In Austin, the air smells of tacos and trees — and city-state conflict
By Sandhya Somashekhar
Jul 1 2017
The grand old oak called Patsy Cline rises gracefully on three trunks. Waylon Jennings leans lazily before angling back toward the sun. And Willie Nelson, tall and broad, ascends on a torso three feet thick before bursting into a dense green canopy.
Citizens here named the trees in an effort to save more than a dozen of them — all protected under a city ordinance — that stand in the way of a planned new mixed-use development. It is the kind of quintessentially local battle that plays out in cities across the country, albeit one with a distinctly local flavor in this quirky, musically inclined town.
But here in Texas, the bigger battle over tree ordinances is whether they represent a form of local government overreach. Gov. Greg Abbott (R), citing grave worries about “socialistic” behavior in the state’s liberal cities, has called on Texas lawmakers to gather this month for a special session that will consider a host of bills aimed at curtailing local power on issues ranging from taxation to collecting union dues.
Texas presents perhaps the most dramatic example of the increasingly acrimonious relationship between red-state leaders and their blue city centers, which have moved aggressively to expand environmental regulations and social programs often against the grain of their states.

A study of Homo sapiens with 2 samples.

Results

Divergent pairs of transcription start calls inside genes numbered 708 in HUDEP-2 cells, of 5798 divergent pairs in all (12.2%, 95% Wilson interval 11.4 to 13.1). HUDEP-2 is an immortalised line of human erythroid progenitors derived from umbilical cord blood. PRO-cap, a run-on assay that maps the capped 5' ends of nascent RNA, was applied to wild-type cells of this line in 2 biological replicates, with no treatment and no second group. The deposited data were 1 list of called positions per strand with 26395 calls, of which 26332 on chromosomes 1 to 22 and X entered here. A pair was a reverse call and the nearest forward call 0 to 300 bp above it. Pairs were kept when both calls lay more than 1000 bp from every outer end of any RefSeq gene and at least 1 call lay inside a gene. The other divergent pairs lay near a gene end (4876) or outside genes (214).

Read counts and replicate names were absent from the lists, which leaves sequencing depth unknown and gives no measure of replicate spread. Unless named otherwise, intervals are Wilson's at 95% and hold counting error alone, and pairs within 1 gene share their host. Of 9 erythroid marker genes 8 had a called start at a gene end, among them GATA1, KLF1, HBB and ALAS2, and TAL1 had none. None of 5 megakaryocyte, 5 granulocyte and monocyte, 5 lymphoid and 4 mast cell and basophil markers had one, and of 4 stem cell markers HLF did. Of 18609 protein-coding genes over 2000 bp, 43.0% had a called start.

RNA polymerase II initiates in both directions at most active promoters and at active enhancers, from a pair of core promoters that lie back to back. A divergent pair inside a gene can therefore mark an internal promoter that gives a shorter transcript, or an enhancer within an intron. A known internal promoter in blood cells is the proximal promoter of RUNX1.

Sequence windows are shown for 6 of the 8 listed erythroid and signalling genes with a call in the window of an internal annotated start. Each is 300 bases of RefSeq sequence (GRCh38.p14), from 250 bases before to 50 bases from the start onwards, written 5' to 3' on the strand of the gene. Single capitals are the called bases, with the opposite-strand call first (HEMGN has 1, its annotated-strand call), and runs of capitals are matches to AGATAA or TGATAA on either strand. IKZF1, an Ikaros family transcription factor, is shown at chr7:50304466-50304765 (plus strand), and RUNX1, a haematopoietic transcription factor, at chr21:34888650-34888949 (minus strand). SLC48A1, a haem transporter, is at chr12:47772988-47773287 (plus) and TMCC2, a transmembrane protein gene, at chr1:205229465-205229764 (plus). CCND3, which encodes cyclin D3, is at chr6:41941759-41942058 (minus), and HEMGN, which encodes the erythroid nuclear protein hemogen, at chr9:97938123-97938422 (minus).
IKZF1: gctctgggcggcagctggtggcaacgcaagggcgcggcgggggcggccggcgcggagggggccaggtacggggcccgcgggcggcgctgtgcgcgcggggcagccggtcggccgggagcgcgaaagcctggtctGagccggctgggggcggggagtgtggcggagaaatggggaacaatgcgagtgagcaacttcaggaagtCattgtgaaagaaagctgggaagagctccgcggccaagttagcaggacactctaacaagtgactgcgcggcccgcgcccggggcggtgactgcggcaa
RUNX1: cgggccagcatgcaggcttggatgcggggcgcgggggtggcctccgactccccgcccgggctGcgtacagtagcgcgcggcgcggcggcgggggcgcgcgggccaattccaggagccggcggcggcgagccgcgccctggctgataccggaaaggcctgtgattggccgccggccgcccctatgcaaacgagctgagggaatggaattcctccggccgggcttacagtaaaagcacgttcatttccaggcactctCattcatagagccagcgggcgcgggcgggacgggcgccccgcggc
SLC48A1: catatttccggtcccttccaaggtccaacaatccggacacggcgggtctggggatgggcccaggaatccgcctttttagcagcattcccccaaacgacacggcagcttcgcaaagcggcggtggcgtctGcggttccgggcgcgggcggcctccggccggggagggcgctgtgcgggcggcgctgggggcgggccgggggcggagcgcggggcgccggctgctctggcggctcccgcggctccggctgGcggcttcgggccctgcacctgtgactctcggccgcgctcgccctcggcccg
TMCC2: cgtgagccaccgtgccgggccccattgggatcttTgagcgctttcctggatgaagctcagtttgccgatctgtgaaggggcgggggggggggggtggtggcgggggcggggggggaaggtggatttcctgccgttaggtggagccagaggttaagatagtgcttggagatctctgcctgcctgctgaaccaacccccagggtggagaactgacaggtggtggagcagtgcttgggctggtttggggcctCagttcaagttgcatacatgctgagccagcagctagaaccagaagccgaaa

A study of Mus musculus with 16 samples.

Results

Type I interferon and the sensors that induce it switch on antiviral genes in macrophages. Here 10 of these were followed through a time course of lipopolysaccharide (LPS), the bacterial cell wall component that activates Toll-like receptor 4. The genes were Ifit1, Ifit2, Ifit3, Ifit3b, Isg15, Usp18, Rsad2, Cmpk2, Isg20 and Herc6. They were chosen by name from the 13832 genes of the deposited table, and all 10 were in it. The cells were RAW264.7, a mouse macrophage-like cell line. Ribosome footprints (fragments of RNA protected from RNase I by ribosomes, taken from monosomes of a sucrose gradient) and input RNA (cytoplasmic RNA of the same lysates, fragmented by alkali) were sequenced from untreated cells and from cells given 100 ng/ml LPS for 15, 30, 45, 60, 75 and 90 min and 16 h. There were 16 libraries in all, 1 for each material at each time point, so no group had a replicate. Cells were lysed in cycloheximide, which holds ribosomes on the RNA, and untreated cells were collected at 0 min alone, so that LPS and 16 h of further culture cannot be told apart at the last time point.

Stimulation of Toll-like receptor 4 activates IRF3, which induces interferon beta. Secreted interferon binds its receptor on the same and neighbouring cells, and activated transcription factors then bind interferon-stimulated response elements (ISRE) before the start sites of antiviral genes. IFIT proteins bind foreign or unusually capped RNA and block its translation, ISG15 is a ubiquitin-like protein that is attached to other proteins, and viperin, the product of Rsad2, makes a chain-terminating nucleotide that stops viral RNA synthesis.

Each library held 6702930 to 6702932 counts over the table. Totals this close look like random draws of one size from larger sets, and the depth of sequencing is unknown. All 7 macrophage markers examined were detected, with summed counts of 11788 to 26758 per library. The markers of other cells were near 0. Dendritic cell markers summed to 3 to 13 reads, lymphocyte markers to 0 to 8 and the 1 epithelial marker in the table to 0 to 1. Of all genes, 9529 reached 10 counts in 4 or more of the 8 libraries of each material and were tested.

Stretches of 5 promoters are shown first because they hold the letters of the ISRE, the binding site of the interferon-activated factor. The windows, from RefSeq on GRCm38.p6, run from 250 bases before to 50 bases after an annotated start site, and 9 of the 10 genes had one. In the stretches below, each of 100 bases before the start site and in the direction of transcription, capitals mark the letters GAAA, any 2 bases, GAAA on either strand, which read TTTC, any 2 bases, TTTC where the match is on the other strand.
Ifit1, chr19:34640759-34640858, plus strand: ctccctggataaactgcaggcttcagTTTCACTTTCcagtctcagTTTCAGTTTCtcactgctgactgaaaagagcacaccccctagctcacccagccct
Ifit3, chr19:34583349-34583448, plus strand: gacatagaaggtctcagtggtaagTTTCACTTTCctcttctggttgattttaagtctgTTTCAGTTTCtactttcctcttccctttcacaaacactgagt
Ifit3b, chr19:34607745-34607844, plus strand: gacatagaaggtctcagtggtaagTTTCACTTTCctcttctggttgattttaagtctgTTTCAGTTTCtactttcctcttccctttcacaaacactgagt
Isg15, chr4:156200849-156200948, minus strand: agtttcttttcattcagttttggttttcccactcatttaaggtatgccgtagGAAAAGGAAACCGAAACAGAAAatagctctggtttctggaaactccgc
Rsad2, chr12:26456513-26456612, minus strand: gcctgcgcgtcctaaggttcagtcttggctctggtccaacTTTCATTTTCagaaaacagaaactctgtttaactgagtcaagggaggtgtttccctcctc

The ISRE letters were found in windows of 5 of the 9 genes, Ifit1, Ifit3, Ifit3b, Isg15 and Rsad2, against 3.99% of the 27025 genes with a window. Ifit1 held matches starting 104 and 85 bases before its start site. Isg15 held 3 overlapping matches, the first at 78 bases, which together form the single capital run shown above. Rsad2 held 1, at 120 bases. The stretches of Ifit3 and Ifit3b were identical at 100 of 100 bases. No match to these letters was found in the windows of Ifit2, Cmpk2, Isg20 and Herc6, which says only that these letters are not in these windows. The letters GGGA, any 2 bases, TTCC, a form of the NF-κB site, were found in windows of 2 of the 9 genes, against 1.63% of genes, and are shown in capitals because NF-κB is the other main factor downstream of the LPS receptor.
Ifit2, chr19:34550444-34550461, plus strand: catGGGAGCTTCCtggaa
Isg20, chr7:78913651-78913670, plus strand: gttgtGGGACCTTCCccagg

Republican state leaders across the country have responded to the widening cultural gulf by passing legislation preempting local laws. The best-known example is North Carolina’s “bathroom bill,” which was partially reversed this year. It was originally aimed at undercutting Charlotte’s efforts to expand civil rights laws to include LGBT people and to prevent cities from setting their own minimum wage.
But states also have gone after cities in more subtle ways. Ohio’s legislature last year attempted to block a Cleveland regulation that requires certain city contractors to hire local residents. A new Arizona law threatens to cut off funding to cities that take actions state officials deem to be in violation of state law.
“These preemption laws are designed to intimidate and bully local officials into doing the bidding of a smaller group of folks,” said Michael Alfano of the Campaign to Defend Local Solutions, a new nonprofit organization aimed at fending off state efforts to undermine local power.
Matthew Walter, president of the Republican State Leadership Committee, an organization of Republican state officials, said preemption laws are coming up more and more because of political losses by Democrats at the state and federal levels.